16 May 2014

Britain is turning into a questionable tax haven, says Paul Vallely

GARY BARLOW and the Tax Dodgers may sound like the name of a pop group from the 1960s, but the phenomenon is altogether more contemporary. The singer-songwriter from Take That is having to repay about £20 million to HM Revenue, after the courts ruled that his legal tax-avoidance scheme was in fact an illegal tax-evasion one. Yet an opinion poll suggests that the public feel that Mr Barlow should not be required to hand back his OBE along with the lost lucre.

There is an intriguing ambivalence here. Only six out of ten of those questioned in the same poll consider that rich people have a moral duty to pay their fair share of tax and not to use artificial avoidance schemes. Quite what the other 40 per cent think is unclear - perhaps Take This rather than Take That.

Even the Prime Minister - who did at least think that Mr Barlow should pay back the missing millions - insisted that the singer need not hand his medal back to the Queen. The PM argued that his gong was for something unrelated, Children in Need, which is a peculiarly divisible idea of what honour constitutes. One would hope that a fair chunk of the £20 million would have been spent by the Government on preventing children from getting in need in the first place.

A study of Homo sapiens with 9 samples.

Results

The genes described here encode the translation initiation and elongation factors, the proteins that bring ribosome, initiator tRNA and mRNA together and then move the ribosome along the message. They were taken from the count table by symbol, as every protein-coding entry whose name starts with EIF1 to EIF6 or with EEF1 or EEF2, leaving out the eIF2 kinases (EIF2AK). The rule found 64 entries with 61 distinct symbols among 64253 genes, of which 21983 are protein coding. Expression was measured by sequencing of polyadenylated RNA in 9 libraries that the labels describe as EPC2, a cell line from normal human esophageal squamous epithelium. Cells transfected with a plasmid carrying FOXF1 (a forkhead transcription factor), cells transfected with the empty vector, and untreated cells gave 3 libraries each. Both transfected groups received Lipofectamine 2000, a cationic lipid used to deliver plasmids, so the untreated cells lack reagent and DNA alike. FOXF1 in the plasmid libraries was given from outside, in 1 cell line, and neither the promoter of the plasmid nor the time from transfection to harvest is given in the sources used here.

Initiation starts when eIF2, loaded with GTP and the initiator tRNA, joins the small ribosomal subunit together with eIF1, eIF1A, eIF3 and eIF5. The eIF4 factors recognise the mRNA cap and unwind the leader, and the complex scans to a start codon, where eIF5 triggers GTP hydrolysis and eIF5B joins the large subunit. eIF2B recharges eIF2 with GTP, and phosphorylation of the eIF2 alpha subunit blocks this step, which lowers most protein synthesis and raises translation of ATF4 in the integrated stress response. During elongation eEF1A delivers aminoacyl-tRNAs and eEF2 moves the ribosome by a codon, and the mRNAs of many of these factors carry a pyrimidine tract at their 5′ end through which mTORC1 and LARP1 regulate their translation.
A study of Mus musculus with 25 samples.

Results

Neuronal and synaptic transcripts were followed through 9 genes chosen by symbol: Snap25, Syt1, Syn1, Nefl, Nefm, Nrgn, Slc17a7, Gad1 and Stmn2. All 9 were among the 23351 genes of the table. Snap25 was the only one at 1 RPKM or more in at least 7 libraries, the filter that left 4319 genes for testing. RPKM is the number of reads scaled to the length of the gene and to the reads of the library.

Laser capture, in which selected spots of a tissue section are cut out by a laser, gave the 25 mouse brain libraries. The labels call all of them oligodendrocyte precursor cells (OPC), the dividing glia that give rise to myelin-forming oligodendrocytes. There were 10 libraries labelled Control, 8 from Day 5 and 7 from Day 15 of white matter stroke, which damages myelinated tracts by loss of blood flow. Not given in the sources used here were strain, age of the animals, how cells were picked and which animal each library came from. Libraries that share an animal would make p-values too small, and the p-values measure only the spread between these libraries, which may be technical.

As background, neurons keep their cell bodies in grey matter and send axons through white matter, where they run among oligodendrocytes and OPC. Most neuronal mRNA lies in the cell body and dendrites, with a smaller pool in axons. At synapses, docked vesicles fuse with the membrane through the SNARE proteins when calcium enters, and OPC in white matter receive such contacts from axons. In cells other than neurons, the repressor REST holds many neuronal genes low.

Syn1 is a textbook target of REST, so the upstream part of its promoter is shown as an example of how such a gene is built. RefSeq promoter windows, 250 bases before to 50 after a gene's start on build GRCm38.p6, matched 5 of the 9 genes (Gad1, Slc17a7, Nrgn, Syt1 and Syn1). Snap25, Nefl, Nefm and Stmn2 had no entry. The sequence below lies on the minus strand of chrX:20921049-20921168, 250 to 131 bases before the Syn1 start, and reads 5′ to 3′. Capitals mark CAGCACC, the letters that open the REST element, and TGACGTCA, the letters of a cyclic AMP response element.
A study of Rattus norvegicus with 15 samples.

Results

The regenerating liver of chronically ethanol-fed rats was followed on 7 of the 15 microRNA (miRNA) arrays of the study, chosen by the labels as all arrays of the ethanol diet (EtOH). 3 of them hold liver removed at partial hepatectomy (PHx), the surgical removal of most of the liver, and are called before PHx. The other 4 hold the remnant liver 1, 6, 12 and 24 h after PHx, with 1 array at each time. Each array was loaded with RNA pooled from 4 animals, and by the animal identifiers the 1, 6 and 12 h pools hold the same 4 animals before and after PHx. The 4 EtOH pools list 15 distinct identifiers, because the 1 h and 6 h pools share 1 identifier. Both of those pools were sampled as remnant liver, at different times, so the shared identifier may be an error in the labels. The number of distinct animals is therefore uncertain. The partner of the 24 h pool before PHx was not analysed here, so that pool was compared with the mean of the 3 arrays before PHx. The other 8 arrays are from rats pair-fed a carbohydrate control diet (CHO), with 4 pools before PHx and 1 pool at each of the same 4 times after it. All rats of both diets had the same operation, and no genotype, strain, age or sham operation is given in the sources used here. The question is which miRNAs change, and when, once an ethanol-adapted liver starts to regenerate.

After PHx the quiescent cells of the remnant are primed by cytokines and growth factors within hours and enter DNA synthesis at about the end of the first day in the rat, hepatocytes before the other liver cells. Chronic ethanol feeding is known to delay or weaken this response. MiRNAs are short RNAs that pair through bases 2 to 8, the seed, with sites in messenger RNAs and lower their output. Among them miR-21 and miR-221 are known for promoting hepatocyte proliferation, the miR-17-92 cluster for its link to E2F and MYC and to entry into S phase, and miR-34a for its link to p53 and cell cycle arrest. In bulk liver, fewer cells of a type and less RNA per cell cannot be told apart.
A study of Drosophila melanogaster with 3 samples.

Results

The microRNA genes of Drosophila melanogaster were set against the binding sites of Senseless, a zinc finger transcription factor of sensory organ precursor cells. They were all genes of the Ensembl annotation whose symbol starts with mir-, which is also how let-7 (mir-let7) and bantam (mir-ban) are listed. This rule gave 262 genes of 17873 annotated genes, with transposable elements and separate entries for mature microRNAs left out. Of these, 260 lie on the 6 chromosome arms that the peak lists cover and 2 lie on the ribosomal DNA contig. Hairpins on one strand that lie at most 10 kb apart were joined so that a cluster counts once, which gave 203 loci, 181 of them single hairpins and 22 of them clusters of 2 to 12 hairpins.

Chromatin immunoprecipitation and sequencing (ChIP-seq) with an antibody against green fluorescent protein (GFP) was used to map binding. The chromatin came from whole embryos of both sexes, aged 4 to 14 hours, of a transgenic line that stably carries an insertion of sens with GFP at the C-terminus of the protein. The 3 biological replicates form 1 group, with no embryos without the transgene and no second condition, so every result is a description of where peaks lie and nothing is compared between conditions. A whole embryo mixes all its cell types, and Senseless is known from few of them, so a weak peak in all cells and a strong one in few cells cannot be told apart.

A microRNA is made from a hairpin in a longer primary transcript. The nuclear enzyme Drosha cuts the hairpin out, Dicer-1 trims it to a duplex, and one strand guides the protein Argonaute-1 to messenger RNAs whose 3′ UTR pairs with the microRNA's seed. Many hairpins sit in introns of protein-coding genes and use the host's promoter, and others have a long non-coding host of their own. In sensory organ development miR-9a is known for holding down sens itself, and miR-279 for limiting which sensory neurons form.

It also stood in stark contrast to what Mr Cameron said when another celebrity, the comedian Jimmy Carr, was found in 2012 to be involved in a similar fiddle, albeit to the tune of a mere half million. The PM called that "morally wrong". But then Mr Carr is an edgy, cynical character, where Mr Barlow is much more cuddly - the Cliff Richard of the 21st century, as one reviewer called him. He also masterminded the Queen's Diamond Jubilee concert, and, coincidentally, campaigned for the Conservatives at the last General Election.

But ambivalence about tax goes deeper with this Government than concern with celebrity dodgers. It has done little to curb the activities of big transnational corporations such as Starbucks, Google, and Amazon - all of whom go to great lengths to pay as little tax as possible on their huge profits. Amazon had £4.3 billion of sales online, Parliament heard in 2012, and paid tax of just 0.1 per cent on this.

Tax is at the heart of the bid by the US drug firm Pfizer to swallow up the British pharmaceutical company AstraZeneca (AZ). The takeover will not evidently enhance innovation by AZ. It will bring no new life-saving compounds to the market. It will not improve competition in the sector. But it will allow Pfizer to avoid $2 billion in taxes, which would otherwise fall due to the United States government.

All this - and there at least 90 other foreign companies also considering "shifting their tax domicile" to the UK - comes about because of changes to tax law made by Mr Cameron and his Chancellor George Osborne. Their efforts to make Britain's tax regime the most attractive of any large industrialised country have turned the UK into the world's "biggest, most developed tax haven", the boss of one big global bank recently told Robert Peston from the BBC.

No wonder Mr Barlow is considered a "national treasure" in such a place.

Paul Vallely is Visiting Professor in Public Ethics and Media at the University of Chester.